But to get a real taste of a neighborhood, with some excellent food to boot, we prefer a few of the city’s more humble culinary gems, where you can kick back under the sun, the clouds or the city lights at night.

In the appropriately named Plaza del Mar, located between the beach and the port, Kaiku (“bowl” in Basque) offers a wonderful seafood menu with imaginative touches. On the restaurant’s terrace, the tables and chairs sit among gently swaying palms with a clear view of the sea on the horizon.

The menu varies according to the season and what’s available at the market. Most of the fish and seafood come directly from Barceloneta’s lonja, the wholesale fish market in the port area just in front, and are identified on the menu with the date of the catch and the name of the boat that caught it. Much of the produce, such as the squash blossoms, comes from the restaurant’s own garden.

Specialties include the smoked rice, a permanent fixture on the menu that’s chock-full of ingredients like octopus and green asparagus (the smokiness comes from a brief pass through embers), fish and meat carpaccios, battered and fried anemone, grilled cockles and scallops, and local red prawns.

Reservations are a must. Take your sunglasses by day and a cardigan by night.

La Vinya del Señyor, photo by Paula Mourenza

La Vinya del Señyor
Vila Viniteca is a distinguished Catalan wine import-export company that operates three venues, among which we are most partial to La Vinya del Señyor. This small wine bar sits in front of Santa María del Mar’s basilica door in what is undoubtedly one of the most picturesque corners of the city.

Locals arrive after work with some of their favorite Priorats or Albariños already in mind, but a visitor could sit outside sampling from the offerings all day long, as La Vinya offers a wide selection of mainly Catalan and Spanish wines and cavas. We love being able to discover something new and to revisit a beloved classic. The wine can be paired with delicious tapas, such as red pepper and eggplant escalivada, meatballs with mushrooms and foie gras, secallona (a dry-cured sausage), cheeses and Iberian ham (perfect with cava!) or even fresh oysters.

For lovers of good wine, Gothic windows and exceptional charm, La Vinya is inspiring in all seasons.

Suculent, photo by Paula Mourenza

Rambla del Raval is the grand boulevard that runs through the neighborhood of the same name, the old “Chinese quarter” of watering holes and cabarets that nowadays is densely populated by Pakistani and Filipino immigrants. It’s in El Raval that Suculent serves an amazing kind of cuisine that fuses old and new, reinventing traditional recipes with high-level technical wizardry by renowned chef Carles Abellán and his partners Javier Cotaruelo and Armando Anta.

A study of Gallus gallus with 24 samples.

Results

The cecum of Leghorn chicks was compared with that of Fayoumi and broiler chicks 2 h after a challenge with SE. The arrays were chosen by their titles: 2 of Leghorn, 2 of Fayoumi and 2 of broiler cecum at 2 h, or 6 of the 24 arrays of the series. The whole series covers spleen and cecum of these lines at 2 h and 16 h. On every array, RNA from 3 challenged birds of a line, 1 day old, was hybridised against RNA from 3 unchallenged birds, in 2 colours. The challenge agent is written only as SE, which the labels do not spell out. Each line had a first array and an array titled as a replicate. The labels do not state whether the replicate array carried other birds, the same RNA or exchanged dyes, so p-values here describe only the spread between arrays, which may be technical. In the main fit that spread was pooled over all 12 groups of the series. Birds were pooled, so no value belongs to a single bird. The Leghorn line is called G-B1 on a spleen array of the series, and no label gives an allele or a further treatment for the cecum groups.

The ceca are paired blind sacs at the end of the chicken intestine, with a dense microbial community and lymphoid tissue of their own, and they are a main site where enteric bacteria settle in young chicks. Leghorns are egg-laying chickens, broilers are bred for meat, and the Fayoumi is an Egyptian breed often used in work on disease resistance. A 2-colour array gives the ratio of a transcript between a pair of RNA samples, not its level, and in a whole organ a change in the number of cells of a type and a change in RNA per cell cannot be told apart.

The small venue was a restaurant de barrio in its former life, and its lovely terrace abuts the boulevard, which is filled with palms and the sparkling life of families, locals and, on weekends, the market.

The menu lists appealing small plates to share – or not – including cod “snout” with snails, capipota (head and leg of pork), El Prat artichokes with cecina (smoked veal) and truffle mayonnaise, and oxtail with chocolate and baby carrots.

One of Vell Poblenou's specialty rice dishes, photo by Paula Mourenza

Vell Poblenou
Rice – though not paella – is the specialty of this restaurant, which also has a peaceful terrace that basks in the sun and breezes of the nearby beach. Owner Luís Sanchez, who is in charge of the kitchen, runs the place with his children, Jordi and Azahara, who manage the front of the house.

The seasonal rice dishes, all made with Catalan bomba rice from the Ebro Delta, are made with care and with beguiling combinations of ingredients from the sea and the mountains. The menu also offers fish (especially cod), excellent lamb and veal dishes and the splendid eggs of Calaf, which come prepared a variety of ways.

El Jabalí de Ronda, photo by Paula Mourenza

El Jabalí de Ronda
This small tapas bar, charmingly decorated with hanging hams and flowers, is outfitted not only with a butcher counter but also, as you might have guessed, with an excellent terrace – the typical Barcelona kind on the corner, packed in summer and winter (with space heaters, of course). It’s clearly the main dining “room” and often filled with groups and families.

The neighborhood of Sant Antoni is close to theaters and night clubs (Apolo, Barts, El Molino), but also near the fashionable area for brunches, vermuts and after-work wine drinking and tapas munching around Carrer Parlament.

El Jabalí de Ronda draws customers primarily for its superb sandwiches, tapas, croquettes and potato bombas stuffed with ham from acorn-fed pigs. We also love the tapas of ensaladilla rusa, squid and the cod salad esqueixada.